The Messenger joins a long list of indie side-scrolling games on the PS4 that promise a number of unique selling points during their arrival on the console.
Few, however, possess the style and poise that The Messenger brings to the table.
The world is ending in this Nintendo-era 8-bit pixel art display, and the player takes the role of the Messenger, a ninja whose sole purpose is to deliver an ancient scroll to the peak of a nearby mountain.
While armed with a katana and a number of shuriken, the player’s most impressive skill is the inclusion of the Cloud Step technique – an ability which allows for perpetual jumps providing the character has landed a hit on an enemy.
On top of being a lot of fun to use, the ability provides a great deal of challenge throughout the game as it forces players to get good at the technique or die trying.
Unfortunately traversing the delicately designed levels is where most of the game’s challenge comes from.
Enemies scattered throughout the levels offer no hindrance whatsoever, and do not offer enough reward for thwarting them throughout the journey.
Luckily, The Messenger’s bosses contain decent difficulty spikes, and a lot of creativity.
Each foe brings a new hook to the fight, and it is genuinely a lot of fun working out the win mechanics of each level’s big-bad.
The largest hook to The Messenger arrives partway through the game when it thrusts the player years into the future.
Jumping through time sends the game from its 8-bit aesthetic to a more fluid 16-bit style.
Every screen of the game’s world has been meticulously recreated in both low and high resolution, and likewise its music reflects the era which is being displayed at any time.
As the game progresses the two worlds collide and provide some incredible visual displays of time-jumping, combined with the many incredible traversal mechanics introduced throughout the levels.
And although the difficult certainly ramps up each level, there isn’t a real death penalty to deter you from perpetually banging your head against each challenge.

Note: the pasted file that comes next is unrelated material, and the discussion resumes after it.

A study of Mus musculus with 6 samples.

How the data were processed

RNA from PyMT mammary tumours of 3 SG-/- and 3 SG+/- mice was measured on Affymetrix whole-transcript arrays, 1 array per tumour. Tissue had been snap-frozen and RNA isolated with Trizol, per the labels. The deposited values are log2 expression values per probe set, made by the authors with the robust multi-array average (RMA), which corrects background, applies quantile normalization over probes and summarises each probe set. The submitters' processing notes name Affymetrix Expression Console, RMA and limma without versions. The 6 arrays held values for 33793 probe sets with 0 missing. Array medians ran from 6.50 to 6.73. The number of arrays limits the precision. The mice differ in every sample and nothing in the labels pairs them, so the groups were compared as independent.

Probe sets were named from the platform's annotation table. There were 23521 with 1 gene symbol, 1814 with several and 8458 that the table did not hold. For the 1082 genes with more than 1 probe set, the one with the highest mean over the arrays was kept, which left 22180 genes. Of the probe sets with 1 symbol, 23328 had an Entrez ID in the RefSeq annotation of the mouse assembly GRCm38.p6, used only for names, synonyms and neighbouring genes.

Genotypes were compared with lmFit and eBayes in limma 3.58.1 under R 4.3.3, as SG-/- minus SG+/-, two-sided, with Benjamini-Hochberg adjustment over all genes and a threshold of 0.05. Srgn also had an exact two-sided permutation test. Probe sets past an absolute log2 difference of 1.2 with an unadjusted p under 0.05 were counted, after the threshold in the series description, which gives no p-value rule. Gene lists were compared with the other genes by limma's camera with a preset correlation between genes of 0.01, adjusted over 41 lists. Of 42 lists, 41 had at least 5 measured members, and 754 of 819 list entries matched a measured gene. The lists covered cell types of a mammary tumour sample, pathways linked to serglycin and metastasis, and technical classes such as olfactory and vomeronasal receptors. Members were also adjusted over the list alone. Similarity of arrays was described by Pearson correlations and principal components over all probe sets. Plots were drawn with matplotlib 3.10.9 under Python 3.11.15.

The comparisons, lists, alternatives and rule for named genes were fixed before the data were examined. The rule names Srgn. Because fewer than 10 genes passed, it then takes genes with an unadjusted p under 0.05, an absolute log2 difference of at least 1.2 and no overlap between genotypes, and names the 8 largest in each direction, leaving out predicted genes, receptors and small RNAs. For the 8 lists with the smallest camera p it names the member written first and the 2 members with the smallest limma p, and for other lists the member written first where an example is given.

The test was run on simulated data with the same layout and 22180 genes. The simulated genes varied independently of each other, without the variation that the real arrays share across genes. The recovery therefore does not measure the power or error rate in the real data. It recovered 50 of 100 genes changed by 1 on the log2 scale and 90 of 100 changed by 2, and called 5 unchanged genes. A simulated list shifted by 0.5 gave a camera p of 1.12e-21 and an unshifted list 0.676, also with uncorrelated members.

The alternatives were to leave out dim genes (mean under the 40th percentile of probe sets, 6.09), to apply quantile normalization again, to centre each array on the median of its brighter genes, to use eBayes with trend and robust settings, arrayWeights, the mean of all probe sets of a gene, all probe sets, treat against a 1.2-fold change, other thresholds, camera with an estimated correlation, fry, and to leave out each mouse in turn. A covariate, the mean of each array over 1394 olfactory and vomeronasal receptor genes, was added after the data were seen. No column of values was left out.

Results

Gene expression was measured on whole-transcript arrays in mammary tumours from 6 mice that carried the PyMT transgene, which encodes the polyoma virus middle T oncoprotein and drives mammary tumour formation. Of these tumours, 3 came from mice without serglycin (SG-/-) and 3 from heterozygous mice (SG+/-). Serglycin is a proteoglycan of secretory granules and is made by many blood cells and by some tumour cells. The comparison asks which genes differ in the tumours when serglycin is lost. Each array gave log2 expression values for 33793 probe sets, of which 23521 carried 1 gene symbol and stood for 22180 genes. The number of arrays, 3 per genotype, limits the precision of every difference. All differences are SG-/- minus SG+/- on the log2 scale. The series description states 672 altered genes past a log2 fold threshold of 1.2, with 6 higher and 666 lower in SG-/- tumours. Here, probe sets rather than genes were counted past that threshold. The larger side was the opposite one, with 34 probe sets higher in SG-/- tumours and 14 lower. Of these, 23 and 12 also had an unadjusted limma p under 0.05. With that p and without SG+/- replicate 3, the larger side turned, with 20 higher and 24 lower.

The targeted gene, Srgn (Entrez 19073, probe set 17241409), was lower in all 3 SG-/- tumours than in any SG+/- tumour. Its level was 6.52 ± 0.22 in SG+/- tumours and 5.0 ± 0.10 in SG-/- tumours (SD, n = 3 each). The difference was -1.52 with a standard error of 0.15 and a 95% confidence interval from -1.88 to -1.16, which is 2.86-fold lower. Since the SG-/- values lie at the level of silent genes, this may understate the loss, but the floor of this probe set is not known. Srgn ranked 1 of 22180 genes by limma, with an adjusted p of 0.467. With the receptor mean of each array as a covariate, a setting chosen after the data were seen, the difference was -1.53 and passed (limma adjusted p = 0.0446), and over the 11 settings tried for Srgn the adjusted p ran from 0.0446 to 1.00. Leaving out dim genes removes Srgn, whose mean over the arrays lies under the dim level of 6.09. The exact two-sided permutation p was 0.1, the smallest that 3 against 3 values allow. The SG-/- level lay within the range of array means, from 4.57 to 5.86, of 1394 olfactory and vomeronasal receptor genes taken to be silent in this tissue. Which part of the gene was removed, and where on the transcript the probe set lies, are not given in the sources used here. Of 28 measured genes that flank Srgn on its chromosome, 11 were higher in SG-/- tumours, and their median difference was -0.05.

If the combat is deemed to challenging, there are a handful of upgrades which will help every player’s venture through the game – however it is just a handful. And once these boosts are bought up – mere hours into the game – not much else is needed from the mysterious shopkeeper.
This can be forgiven, however, as every pixel of The Messenger is utterly gorgeous.
Both styles displayed are perfectly crafted and evoke memories of the games it was inspired by – Castlevania, The Legend of Zelda, and classic Ninja Gaiden.
And although some players may want to roll their eyes at these similarities, it is obvious that The Messenger was created viewing these games as inspiration rather than a blueprint.
The story is another example of where The Messenger shows off its unique ability to set itself apart from other side-scrollers.
With chuckle-worthy tongue-in-cheek humour, and a number of comical interactions between the few characters, the game creates a memorable experience from start to finish.
The Messenger may sometimes look like just another side-scrolling independent game on the PSN store, but it has enough in it to set itself apart.
The incredibly well-crafted Cloud Step technique allows each player to really hone their ability in the game, making them witness an improvement in skill as the hours roll by.
While the game’s levels may sometimes leave something to be desired, the bosses allow enough creative thought to make every triumph really feel well earned.
The jump from 8-bit to 16-bit in a split-second is both impressive and awe-inspiring, and will definitely keep players hooked until the final moments of its unique story.
The Messenger is available now on PlayStation 4 for £15.99, and is also available on Nintendo Switch, and PC.